Dr. William Barnes of Tulsa was killed Sunday morning when his 1978 Cessna 180K fixed-wing single engine plane crashed four miles north of Catoosa, one mile east of Gundy Airport in Rogers County.

According to the initial report of OHP Trooper Leonard McMillan, Barnes, who was piloting the aircraft, had landed on 181st East Avenue, traveling southbound.

He made a U-turn to face northbound, then made another U-turn at the end of the street, where the aircraft struck a sign with the left wing, McMillan’s report stated.

Barnes, 61, then accelerated to take off and went airborne when the wing caught in a power line, causing the aircraft to nose dive into the ground in a small field.

With Barnes was his 11-year-old grandson, who was taken to Hillcrest Hospital and then St. Francis Hospital in Tulsa, where he was admitted in critical condition with head, arm, leg, trunk internal and external injuries.

Barnes was pronounced dead at the scene from massive injuries.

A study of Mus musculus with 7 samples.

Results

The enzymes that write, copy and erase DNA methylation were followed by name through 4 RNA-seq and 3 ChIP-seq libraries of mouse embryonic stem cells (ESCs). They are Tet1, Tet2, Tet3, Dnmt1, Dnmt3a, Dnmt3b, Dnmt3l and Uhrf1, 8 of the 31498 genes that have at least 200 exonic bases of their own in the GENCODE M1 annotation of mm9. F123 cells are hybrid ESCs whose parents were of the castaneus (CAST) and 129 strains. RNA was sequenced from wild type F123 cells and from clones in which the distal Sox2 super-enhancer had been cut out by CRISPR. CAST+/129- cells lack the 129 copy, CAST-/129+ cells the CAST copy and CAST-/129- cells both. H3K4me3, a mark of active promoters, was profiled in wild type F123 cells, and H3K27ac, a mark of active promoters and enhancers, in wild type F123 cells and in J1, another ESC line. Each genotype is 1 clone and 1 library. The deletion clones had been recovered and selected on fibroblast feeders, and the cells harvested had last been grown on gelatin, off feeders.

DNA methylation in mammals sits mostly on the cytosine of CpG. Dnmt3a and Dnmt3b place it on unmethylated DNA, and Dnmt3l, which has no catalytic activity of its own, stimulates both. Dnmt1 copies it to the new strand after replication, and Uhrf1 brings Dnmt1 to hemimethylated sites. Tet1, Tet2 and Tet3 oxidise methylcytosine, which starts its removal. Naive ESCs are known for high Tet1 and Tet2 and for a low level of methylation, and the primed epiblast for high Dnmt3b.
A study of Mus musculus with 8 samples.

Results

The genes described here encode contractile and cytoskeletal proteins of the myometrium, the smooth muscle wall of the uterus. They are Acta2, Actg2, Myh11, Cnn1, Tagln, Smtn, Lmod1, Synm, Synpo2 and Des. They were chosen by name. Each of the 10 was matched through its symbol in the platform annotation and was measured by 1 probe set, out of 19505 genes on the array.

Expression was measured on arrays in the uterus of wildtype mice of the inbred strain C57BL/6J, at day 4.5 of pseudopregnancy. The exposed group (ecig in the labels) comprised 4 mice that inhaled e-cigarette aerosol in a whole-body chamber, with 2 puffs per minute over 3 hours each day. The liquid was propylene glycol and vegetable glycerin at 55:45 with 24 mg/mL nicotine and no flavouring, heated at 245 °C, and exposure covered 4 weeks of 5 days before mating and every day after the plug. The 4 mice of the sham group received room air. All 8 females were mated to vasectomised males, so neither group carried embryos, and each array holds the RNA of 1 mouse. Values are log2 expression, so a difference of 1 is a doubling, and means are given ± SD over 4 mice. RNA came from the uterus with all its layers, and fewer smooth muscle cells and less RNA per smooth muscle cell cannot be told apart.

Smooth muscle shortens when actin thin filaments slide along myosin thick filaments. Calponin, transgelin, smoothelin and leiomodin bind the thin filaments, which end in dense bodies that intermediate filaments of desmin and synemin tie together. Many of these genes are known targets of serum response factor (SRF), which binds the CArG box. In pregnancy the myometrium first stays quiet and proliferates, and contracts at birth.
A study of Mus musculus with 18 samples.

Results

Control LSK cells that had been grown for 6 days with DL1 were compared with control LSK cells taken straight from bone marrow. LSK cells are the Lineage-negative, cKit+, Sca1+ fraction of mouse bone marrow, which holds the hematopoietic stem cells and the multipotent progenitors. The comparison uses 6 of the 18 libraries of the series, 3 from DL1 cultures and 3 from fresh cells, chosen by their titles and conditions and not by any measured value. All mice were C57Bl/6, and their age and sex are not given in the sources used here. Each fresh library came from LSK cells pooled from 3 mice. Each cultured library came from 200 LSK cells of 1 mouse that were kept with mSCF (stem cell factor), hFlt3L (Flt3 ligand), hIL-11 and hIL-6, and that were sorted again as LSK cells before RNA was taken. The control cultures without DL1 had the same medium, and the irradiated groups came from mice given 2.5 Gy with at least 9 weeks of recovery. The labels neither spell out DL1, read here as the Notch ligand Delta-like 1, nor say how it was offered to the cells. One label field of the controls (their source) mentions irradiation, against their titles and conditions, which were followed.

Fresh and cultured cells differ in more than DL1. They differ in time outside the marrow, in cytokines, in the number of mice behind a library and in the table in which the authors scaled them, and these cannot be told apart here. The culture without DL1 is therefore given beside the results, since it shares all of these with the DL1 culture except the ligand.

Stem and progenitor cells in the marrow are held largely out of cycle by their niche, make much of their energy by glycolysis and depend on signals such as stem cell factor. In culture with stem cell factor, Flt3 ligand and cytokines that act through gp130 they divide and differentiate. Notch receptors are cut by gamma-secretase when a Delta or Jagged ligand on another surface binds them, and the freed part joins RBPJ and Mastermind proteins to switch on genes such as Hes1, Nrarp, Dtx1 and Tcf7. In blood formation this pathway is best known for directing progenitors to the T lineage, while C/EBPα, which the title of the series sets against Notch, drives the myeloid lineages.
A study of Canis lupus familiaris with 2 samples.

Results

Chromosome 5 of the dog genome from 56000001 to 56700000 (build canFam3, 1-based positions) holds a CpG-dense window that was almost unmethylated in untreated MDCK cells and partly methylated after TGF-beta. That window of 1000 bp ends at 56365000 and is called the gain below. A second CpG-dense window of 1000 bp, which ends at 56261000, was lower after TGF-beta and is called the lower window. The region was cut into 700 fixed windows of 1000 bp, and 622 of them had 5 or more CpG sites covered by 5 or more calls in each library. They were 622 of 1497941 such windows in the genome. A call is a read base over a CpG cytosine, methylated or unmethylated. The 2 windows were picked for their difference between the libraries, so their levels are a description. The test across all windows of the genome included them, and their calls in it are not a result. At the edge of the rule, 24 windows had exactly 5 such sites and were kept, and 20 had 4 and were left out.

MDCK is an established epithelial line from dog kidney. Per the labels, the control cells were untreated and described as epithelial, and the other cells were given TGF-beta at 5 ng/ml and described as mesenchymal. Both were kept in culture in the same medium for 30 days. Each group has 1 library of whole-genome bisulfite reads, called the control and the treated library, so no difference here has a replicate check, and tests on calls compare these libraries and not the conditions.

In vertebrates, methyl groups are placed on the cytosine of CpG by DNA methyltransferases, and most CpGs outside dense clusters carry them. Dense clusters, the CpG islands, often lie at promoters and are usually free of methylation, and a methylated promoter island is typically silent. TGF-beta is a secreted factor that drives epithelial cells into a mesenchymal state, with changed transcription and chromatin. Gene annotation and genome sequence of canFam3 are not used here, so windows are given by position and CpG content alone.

The Associated Press reported there is a possibility that Barnes, who was bound for Bixby south of Tulsa, might have been trying to land at Gundy’s Airport. Gundy’s is surrounded by hangars and homes. The end of the apron at that airport is eight-tenths of a mile from the street where Barnes landed.

Investigators should finish on-site work by the end of the day Monday, LeBaron said. Checking the engine, which was removed and taken to Tulsa International Airport, should be completed by Wednesday, he said.

A preliminary report on the crash should be available within five days, LeBaron said. More detailed reports, including examination of the pilot’s health, the plane’s condition and the events surround the crash should be available in about six months with the safety board’s decision following.